Vaccines were one of the great inventions of modern history. They helped stop America’s polio epidemic in the 1950s,
when it was paralyzing thousands and killing at least 3,000 a year. They have prevented the deaths of millions worldwide from diseases such as diphtheria, smallpox, measles and tetanus.
The new report — published in the journal Psychological Science in the Public Interest — draws on hundreds of studies on psychology, behavioral science and vaccinations.
“When it comes to vaccines, I think we have this optimistic belief that just by telling people facts you can change their behavior,” said Noel Brewer, the study’s lead author. “But when was the last time someone told you one fact and suddenly you lost five pounds or started brushing your teeth?”
Their findings come at a time when a small but vocal contingent of anti-vaccination advocates have been spreading misinformation about vaccines, to the frustration of public health officials.
In recent years, health officials have struggled with pockets of vulnerability in the United States. For example, measles has made a return in recent years because parents in some areas have failed to vaccinate their children. Last year, researchers grappled with an especially worrying measles outbreak in Minnesota — the state's worst in decades.
In the face of such challenges, a common reaction among state health departments is to mount new education campaigns. But Wednesday's report suggests that focusing on education and persuasion usually fails to make much difference. Instead, the study concludes, doctors and health officials should focus on indirect behavior modification — actions like automatically scheduled vaccination appointments, phone and text reminders from doctors' offices and monetary incentives from employers.
In one real-world experiment cited in the report, a U.S. company that prompted its employees to name the date when they would get their next flu shot saw vaccinations rise by 1.5 percent. But when the company asked employees to name both a date and a specific time, the shots increased by 4 percent.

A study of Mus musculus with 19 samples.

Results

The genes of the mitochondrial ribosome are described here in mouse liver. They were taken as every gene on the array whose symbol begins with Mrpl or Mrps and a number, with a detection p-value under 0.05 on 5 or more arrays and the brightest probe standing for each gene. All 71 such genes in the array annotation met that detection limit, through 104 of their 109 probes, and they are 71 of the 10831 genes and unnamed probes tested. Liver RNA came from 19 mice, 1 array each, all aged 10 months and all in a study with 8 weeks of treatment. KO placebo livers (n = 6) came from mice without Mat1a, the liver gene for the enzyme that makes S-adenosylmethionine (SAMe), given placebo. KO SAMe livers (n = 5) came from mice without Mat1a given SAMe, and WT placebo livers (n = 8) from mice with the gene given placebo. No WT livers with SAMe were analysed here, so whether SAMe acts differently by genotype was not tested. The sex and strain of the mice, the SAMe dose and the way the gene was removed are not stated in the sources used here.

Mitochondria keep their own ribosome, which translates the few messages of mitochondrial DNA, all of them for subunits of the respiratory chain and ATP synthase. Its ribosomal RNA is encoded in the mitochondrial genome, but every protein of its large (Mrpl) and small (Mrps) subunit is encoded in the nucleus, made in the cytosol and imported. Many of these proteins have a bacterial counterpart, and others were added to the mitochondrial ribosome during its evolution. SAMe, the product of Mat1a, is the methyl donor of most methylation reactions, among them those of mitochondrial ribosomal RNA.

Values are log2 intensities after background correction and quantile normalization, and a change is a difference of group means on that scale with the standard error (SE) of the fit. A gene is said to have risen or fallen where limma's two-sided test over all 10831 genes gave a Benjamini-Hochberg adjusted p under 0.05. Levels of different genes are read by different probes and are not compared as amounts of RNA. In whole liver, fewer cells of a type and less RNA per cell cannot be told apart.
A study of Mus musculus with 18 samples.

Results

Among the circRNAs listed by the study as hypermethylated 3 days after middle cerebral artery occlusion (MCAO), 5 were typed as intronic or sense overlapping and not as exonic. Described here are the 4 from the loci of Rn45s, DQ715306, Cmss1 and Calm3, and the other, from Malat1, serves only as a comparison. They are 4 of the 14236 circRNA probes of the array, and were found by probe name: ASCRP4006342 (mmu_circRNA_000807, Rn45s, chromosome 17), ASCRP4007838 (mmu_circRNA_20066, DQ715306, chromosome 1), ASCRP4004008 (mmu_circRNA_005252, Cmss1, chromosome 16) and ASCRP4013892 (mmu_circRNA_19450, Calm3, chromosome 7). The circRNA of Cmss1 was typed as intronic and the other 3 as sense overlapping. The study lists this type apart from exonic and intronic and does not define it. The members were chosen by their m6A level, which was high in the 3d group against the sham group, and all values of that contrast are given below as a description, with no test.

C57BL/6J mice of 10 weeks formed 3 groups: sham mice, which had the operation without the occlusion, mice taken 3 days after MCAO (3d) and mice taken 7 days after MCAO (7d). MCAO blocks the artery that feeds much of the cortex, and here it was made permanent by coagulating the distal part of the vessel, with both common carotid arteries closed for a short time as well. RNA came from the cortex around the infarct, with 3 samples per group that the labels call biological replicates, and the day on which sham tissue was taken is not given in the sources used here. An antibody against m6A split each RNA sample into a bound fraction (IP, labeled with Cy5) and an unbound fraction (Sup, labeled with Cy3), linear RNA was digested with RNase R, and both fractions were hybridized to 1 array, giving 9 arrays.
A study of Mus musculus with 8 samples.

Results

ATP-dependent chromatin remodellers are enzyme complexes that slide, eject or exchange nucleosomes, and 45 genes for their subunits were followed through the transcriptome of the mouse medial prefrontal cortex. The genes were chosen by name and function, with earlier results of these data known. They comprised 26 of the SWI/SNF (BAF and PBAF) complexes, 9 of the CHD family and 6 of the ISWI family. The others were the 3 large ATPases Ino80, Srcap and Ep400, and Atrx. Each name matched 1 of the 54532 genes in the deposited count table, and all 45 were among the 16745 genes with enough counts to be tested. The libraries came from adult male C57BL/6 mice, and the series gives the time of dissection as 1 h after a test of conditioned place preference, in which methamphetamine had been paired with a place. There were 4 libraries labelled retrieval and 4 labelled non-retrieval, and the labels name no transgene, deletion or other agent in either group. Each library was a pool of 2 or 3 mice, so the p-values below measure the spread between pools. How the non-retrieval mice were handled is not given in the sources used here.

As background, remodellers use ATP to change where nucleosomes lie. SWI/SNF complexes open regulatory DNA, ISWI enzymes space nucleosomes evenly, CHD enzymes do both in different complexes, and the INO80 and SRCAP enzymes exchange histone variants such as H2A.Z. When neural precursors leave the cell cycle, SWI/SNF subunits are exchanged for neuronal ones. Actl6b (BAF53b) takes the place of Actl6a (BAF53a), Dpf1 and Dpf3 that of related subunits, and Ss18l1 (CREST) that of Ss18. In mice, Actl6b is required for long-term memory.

“Four percent may not mean that much, but in the world of vaccinations, it can be huge,” Brewer said.
In his own research in recent years, Brewer, a health and behavior scientist at the University of North Carolina, has been working with state health departments to increase vaccine rates for the sexually transmitted, cancer-causing human papillomavirus, or HPV, which remains low among U.S. adolescents.
Because HPV is sexually transmitted, some doctors are often hesitant or awkward in talking about it. In one study, Brewer found that doctors could increase vaccination rates simply by limiting their discussion of the HPV vaccine to brief, assertive statements.
The more time doctors spent talking about the vaccination, the study found, the more suspicious and worried the parents got about the vaccine. But when the doctors made short statements that present vaccinations as routine, vaccine rates increased by 5 percent.
“It's much more effective at visits to say the child is due for several vaccines and we'll take care of it at the end of the visit,” he said. “Of course, if parents have questions, then answer the question.”
Victor Dzau, president of the National Academy of Medicine, called Wednesday's study an important integration of research across the fields of psychology and vaccination.
In a separate essay accompanying the new report, Dzau said outbreaks like last year's Minnesota measles incident are especially frustrating because of how preventable they are.
“However, condemning individuals that fail to vaccinate themselves or their children will not solve the problem,” Dzau writes. “Psychology offers insight into why people engage in health behaviors including vaccination.”